AEMO releases report outlining five scenarios for Australia’s energy future


The Australian Energy Market Operator (AEMO) has published a series of planning and forecasting publications under the 2021 Inputs, Assumptions and Scenarios (IASR) report that present five different visions of Australia’s future.

AEMO forecasts the future of Australia’s National Electricity Market (NEM) using a range of scenarios, inputs and assumptions to examine the expected reliability of future systems to inform investors and policy-makers on investments in supply, transmission and storage.

The 2021 IASR describes five scenarios, developed with industry participants and consumer representatives, to cover a plausible range of energy futures.

It maps the scenarios – Slow Change, Steady Progress, Step Change, Net Zero 2050 and Hydrogen Superpower – against underlying demand and decentralisation processes. AEMO’s chief system design officer, Alex Wonhas, said the five scenarios capture the broad range of plausible futures of the NEM in the coming decades.

Slow Change paints a picture whereby Australia has not made coordinated efforts to reduce carbon emissions or to use more electricity across the NEM, while Steady Progress assumes that by 2040, rooftop solar has doubled, power system development is driven my mainly market forces and a third of the cars on the road are electric.

Step Change envisions a scenario where consumers have led a transformation by installing more of their own power sources, buying electric vehicles and voting for strong global policy action to rapidly reduce carbon emissions.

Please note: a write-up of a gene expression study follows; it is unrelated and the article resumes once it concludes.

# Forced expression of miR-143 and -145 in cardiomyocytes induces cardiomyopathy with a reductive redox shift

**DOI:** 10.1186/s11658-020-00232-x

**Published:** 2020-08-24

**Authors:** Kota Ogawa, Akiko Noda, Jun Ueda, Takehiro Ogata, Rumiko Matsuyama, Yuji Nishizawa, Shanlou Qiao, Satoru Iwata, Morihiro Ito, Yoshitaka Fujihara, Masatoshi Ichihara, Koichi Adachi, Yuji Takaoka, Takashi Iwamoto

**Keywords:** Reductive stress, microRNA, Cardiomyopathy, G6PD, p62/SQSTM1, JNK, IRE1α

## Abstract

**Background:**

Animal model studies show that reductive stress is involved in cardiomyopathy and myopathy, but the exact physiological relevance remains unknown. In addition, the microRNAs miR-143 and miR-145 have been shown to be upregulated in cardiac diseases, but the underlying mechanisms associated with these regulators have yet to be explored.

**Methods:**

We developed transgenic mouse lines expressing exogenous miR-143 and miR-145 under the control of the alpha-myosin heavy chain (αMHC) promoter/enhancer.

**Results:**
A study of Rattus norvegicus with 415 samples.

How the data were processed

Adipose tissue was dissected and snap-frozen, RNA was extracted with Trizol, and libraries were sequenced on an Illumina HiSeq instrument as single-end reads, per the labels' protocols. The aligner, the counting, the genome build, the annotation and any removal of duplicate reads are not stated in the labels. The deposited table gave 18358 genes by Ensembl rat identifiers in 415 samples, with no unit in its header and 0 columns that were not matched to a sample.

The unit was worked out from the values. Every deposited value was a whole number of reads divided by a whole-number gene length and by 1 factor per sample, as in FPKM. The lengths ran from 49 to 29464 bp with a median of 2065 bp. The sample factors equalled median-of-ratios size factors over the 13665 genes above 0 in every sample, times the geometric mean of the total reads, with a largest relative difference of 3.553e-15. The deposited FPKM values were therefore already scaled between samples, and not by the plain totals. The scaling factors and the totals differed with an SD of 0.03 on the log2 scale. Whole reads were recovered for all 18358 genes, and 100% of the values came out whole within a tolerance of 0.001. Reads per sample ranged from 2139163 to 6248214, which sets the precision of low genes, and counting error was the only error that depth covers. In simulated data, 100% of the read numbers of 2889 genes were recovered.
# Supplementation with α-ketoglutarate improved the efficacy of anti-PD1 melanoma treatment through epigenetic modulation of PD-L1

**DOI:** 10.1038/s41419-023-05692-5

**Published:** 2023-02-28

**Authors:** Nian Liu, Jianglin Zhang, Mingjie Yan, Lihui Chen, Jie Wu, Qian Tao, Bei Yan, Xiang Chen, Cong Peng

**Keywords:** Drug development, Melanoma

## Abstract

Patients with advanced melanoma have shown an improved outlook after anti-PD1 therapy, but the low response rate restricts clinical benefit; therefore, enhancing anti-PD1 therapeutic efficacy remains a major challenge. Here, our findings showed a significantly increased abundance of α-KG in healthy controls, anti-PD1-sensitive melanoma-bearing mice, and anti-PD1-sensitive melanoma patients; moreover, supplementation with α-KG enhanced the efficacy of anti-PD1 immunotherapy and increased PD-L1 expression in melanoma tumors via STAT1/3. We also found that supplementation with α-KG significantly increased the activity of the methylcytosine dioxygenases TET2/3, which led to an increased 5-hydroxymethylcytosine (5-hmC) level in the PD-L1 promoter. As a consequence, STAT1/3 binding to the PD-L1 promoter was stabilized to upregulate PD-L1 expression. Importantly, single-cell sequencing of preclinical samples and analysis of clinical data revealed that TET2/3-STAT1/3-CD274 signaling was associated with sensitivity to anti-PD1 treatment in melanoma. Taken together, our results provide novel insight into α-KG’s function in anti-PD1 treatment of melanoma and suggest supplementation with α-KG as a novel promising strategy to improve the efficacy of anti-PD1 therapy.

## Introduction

Net Zero assumes the NEM has seen 10 years of growth in deployment of emissions abatement technologies, industry and manufacturing processes are now just over 30% powered by electricity and heat pumps are playing a much larger role in heating Australian homes in the winter.

The final scenario, Hydrogen Superpower, is an Australia where the energy sector has been transformed by government policy, corporate action, and technology breakthroughs. Electricity is generated with zero or near zero emissions, and businesses and households are increasingly switching from other fuels to electricity.

“There is no doubt the energy transition is forging ahead. We have tried to capture this through a range of scenarios characterised by the growth of electricity demand and the pace of decarbonisation,” Wonhas said.

Last month, the new chief of AEMO said he wants the country’s grids to be capable of handling 100% renewables by 2025.

AEMO consults on and publishes its scenarios, inputs, assumptions and methodologies.

The report can be viewed in full or in summary here.